More than 100 law students at all five law schools in Alabama signed on to a brief filed today that asks for a new trial for Toforest Johnson, who’s serving on Alabama’s death row, convicted of the shooting death of Jefferson County Deputy Sheriff William G. Hardy in 1995.
Those 140 law students are joined by Jefferson County District Attorney Danny Carr, the lead prosecutor in Johnson’s trial, Former Alabama Attorney General Bill Baxley, former Alabama Supreme Court Chief Justice Drayton Nabers Jr., legal scholars, public defenders and faith leaders who have all asked the court for a new trial for Johnson.
Prosecutors in Johnson’s trial presented no physical evidence or eyewitnesses tying Johnson to the shooting and built the case on testimony from a single witness, Violet Ellison, who said that while eavesdropping on a phone call from a man in jail she heard an inmate who she thought to be Johnson admit to shooting Hardy.
Ellison was paid $5,000 from the state to testify against Johnson, a fact that wasn’t made known to defense attorneys or the jury at the time.
Johnson and a friend, Ardragus Ford, were both charged and tried separately for Hardy’s murder. In Ford’s trial, prosecutors said Ford pulled the trigger. In Johnson’s trial, prosecutors said Johnson was the shooter. Ford was acquitted and Johnson’s first trial ended in a hung jury, but the second trial in 1998, resulted in him receiving the death penalty.
Erica Webb, a law student at the University of Alabama, who along with fellow law student, Katrina Smith, led in the creation of the amici curiae, or “friend of the court” brief, told APR the brief was a way to show the court that “we are watching this case. We’re paying attention and this is what we hope to see.”
Smith said the idea behind the brief is that, if Johnson’s case isn’t sufficient for a new trial, no case is.
“If you expect us as law students to have faith in this system, show us. Show us that the system can work,” Smith said.
The law students’ brief states that “no court has ever allowed an execution to proceed when both the district attorney and the lead prosecutor agree that the defendant’s conviction should not stand, and this Court should not be the first. Rather, the Court should defer to DA Carr’s request for a new trial to ensure that justice is ‘available to all,’ including Mr. Johnson.”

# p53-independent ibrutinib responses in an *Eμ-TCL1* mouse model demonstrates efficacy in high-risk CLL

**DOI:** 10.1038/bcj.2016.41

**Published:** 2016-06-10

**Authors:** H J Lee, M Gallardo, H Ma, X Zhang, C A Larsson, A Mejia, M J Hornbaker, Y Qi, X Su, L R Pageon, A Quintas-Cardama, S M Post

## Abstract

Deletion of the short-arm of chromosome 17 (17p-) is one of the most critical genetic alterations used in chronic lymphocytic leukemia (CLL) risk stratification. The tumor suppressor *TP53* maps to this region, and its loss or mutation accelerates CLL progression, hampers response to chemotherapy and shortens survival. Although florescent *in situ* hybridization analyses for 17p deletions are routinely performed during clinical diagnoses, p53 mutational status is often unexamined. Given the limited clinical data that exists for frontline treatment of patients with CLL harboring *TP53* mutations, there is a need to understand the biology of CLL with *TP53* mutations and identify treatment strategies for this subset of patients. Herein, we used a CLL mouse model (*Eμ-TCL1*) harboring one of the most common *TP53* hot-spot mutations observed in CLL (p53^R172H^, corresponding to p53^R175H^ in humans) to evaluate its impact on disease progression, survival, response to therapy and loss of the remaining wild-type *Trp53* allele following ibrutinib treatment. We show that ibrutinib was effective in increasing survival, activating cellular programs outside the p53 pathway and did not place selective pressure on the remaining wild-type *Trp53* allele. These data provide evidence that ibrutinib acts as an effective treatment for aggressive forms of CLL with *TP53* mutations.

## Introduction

“The law students of Alabama are watching this case. By granting Toforest Johnson’s request for a new trial, this Court has a significant opportunity to do justice and affirm that the principles and ideals being taught in Alabama’s legal classrooms have real-world application in Alabama’s courtrooms,” the brief states in its conclusion.
Three jurors in Johnson’s trial, who all voted to convict, told investigative reporter Beth Shelburne recently that had they known what they know now, they would have never convicted Johnson. All three are also asking for a new trial, Shelburne reported for WBRC 6.
“I can’t go back and change my vote, but that’s why I’m speaking out,” Monique Hicks, one of the jurors, told Shelburne.
“This is supposed to be an honest system,” said Jay Crane, another of the jurors. “It’s supposed to work, and they (prosecutors) misled (jurors). I am very disappointed. And I feel sad for the victim’s family because they haven’t gotten any justice. They don’t have the right person in prison.”
The Innocence Project, a New York-based nonprofit that works to exonerate the innocent, in December 2019, filed a brief asking the court to grant Johnson a new trial based on the Brady doctrine and what the nonprofit said are numerous other problems with Johnson’s conviction.
“If ever a case bore the hallmarks of a wrongful conviction, Toforest Johnson’s is it,” wrote attorneys for the nonprofit to the court.
Jefferson County Circuit Judge Teresa Pulliam has yet to decide on whether to allow a new trial and is awaiting the outcome of Johnson’s appeal to the Court of Criminal Appeals on a prosecutorial misconduct claim.
Webb and Smith recently hosted Johnson’s grown daughter, Shanaye Poole, for an event in which she spoke of being the daughter of a man who’s been incarcerated since she was very young. Webb said it’s important to remember the resounding impacts on a family and a community in the absence of someone.
Poole told APR in December 2019, that it’s especially difficult around the holidays.
“But we just have to continue to stay positive and maintain hope. I feel like that’s all we’ve really had for all these years, is hope that eventually, justice will prevail,” Poole said at the time.
“That’s why it’s important that we get these things right, especially when it comes to capital cases. When it comes to potential death penalty cases,” Webb said.